There are three levels of mastectomy.
Total removes the breast tissue, nipple, areola and some skin around the incision. This commonly follows cancers that occur in two or more areas of the breast or those extending beyond a biopsy's edges.
Modified radical is similar to a total mastectomy, but includes an axillary dissection or sentinel node biopsy. (This is now the most commonly performed mastectomy). Once standard for all procedures, the radical mastectomy removes muscle, lymph nodes and skin and is now rarely performed.
Do I Really Need a Mastectomy?
In some cases, a lumpectomy with radiation is as effective as mastectomy.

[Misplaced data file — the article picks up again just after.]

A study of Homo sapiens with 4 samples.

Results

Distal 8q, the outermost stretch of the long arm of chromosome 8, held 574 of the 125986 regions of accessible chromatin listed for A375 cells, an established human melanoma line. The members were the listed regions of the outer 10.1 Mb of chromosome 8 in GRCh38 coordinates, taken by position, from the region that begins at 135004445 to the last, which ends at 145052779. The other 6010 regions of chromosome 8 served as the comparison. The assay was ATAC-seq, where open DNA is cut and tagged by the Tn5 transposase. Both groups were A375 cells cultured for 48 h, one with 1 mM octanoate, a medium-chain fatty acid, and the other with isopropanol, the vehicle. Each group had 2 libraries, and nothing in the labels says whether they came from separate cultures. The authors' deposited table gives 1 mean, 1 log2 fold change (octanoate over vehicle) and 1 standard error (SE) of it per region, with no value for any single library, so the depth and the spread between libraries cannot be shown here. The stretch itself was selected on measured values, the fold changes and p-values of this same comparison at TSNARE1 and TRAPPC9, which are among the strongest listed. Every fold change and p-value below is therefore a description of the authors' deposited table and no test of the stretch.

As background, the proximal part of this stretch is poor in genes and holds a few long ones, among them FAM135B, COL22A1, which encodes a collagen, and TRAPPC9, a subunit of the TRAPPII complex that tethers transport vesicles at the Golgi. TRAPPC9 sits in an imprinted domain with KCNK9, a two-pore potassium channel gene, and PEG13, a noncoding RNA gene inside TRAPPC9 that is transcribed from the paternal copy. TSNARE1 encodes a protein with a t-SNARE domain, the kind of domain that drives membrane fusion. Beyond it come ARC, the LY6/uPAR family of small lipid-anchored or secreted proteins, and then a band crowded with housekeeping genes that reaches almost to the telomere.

Given the choice, most American women choose mastectomy - even when the outcomes of the two procedures will yield the same result. (according to a 1999 study) As with any surgical procedure, it's always advisable to get a second opinion from a surgeon in a different practice.
Advances in mastectomy save normal body tissue, like the breast skin and areola, that doesn't necessarily need to be removed in every patient. Every patient is different and so are mastectomies, preventive mastectomies are different than mastectomies for cancer or when lumpectomies don't work. It is possible under the right circumstances to have a mastectomy and save the nipple.
There are also situations when a mastectomy is done with a "hidden" or "scarless" approach. Ask if your plastic surgeon works with a breast surgeon who considers these options when planning your mastectomy. Also if a reconstruction is scheduled immediately following mastectomy and you have completed chemotherapy and/or radiation, the mastectomy may be done in a way to make the overall result of your reconstruction better.